Posted on: January 16th, 2023
Welcome to a new series of blogs on our website called The A-Z of Mediation.
Every fortnight, we'll be taking a look at different topics relating to mediation, ranging from key mediation skills, parts of the process, or outcomes that we want to achieve.
First up is ASSERTIVENESS, a crucial skill in becoming a good mediator.
'Assertive' is often used to describe a person that is confident and assured in how they go about getting what they need. They stand up for themselves and others, and aren't prepared to passively accept what's 'wrong'.
So how does this tie into mediation?
Very often, a lack of assertiveness is the cause of the conflict. For example, shared boundaries or expectations may have been broken. There might have been a lack of communication about the impact, or about how the parties wanted to resolve the issue.
It may actually be the case that those boundaries weren't communicated effectively to begin with. Had the parties been more assertive, there would have been a better mutual understanding and the conflict wouldn't have even happened.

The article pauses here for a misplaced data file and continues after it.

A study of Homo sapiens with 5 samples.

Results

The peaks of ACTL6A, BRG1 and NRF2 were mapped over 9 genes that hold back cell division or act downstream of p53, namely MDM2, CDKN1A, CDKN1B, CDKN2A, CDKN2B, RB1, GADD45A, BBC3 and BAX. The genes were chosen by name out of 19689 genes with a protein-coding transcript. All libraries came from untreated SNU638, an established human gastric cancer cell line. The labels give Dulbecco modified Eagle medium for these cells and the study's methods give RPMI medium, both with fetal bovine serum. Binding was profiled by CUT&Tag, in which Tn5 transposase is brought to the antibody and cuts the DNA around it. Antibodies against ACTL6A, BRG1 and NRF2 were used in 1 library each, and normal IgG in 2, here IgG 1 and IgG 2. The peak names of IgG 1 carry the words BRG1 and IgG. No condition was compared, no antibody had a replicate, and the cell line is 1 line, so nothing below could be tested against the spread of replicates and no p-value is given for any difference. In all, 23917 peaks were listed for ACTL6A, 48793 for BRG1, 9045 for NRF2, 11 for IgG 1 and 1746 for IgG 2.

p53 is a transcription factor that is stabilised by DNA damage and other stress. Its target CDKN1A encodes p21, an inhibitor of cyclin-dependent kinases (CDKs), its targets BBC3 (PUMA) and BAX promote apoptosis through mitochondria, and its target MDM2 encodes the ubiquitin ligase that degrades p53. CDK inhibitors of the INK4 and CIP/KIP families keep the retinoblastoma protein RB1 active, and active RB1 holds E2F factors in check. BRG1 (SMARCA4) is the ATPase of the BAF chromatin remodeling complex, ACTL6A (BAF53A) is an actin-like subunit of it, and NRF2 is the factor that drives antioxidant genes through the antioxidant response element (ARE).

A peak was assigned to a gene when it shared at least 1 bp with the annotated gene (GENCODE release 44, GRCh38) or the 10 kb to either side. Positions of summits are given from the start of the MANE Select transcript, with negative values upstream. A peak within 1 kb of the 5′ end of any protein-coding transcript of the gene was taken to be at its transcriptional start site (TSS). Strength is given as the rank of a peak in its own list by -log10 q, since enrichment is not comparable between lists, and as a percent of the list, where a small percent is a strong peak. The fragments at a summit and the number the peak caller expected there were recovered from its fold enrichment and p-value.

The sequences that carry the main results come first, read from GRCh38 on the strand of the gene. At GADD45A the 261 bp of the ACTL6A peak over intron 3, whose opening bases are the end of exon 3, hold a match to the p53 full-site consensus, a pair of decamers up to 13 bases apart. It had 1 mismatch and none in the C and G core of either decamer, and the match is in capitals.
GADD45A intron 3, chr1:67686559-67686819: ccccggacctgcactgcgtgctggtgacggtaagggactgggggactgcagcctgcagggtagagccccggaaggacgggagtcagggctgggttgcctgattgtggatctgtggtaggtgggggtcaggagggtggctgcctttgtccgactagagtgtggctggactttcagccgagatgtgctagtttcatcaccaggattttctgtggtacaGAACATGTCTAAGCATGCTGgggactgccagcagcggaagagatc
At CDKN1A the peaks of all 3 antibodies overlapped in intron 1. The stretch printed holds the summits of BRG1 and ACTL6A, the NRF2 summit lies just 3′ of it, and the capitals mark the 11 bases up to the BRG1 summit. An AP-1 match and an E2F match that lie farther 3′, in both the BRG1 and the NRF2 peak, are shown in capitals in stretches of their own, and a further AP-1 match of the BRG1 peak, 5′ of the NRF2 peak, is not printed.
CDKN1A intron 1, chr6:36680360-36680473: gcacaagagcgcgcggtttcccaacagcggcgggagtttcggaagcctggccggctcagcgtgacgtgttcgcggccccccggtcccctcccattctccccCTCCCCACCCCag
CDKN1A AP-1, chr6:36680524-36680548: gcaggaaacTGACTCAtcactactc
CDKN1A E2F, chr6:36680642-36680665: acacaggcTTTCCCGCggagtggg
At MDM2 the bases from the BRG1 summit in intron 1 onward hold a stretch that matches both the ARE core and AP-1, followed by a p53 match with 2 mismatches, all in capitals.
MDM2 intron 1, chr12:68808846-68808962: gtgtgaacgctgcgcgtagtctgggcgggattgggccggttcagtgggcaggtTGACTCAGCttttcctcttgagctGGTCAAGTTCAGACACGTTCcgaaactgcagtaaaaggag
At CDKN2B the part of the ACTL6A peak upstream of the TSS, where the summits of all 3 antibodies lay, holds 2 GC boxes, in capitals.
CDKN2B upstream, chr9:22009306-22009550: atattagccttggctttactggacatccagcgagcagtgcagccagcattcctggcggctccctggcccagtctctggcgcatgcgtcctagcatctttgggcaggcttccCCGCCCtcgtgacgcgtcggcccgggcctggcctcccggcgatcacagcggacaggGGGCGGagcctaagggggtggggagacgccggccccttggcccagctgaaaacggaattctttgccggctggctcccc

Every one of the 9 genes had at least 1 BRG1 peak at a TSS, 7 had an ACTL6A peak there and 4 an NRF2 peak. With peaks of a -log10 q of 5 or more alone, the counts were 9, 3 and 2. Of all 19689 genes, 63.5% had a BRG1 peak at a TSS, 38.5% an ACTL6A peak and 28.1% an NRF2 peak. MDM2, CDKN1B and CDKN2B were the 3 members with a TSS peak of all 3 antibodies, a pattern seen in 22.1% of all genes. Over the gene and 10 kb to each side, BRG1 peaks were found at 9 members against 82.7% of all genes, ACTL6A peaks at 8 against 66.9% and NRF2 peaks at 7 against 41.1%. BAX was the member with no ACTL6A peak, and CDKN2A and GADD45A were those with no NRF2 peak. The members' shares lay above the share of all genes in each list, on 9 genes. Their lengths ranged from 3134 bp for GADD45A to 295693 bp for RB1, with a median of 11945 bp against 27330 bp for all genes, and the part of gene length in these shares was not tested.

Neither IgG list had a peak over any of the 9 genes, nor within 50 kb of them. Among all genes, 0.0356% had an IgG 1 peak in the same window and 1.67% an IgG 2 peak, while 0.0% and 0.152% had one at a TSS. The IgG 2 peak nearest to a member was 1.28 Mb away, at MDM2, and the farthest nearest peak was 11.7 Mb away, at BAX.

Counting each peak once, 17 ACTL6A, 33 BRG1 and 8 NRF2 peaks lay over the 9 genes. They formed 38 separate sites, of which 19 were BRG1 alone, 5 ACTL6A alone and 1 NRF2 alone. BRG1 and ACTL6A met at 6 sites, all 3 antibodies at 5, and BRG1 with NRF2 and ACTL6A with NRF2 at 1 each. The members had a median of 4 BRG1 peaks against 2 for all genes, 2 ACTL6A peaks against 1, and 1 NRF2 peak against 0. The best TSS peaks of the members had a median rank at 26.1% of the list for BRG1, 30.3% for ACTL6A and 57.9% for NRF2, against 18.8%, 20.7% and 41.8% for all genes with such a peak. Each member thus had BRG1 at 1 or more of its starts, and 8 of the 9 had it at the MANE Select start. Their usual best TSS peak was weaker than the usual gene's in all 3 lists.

And when we look at the actual mediation process, one common objective is to rebuild those boundaries. As mediators, we're supporting the parties to be more assertive and to regain a better understanding of one another.
And part of our own assertiveness is to be crystal clear about the role of the mediator: we're not coming in to 'rescue' anyone, we're impartial, and we don't decide the outcome.
We also have to be clear about what we expect of the disputants. We must agree with parties what is acceptable and what isn’t: no abusive language, no violent behaviour, and no persistence in talking over each other. The parties need to feel safe and that they've been heard, and our own assertiveness helps that to happen.
In our experience, displaying assertiveness also 'rubs off' on the parties. It can demonstrate to them that 'this is how we deal with conflict' and that this is how they can deal with it in future. This could go some way to preventing further conflicts too.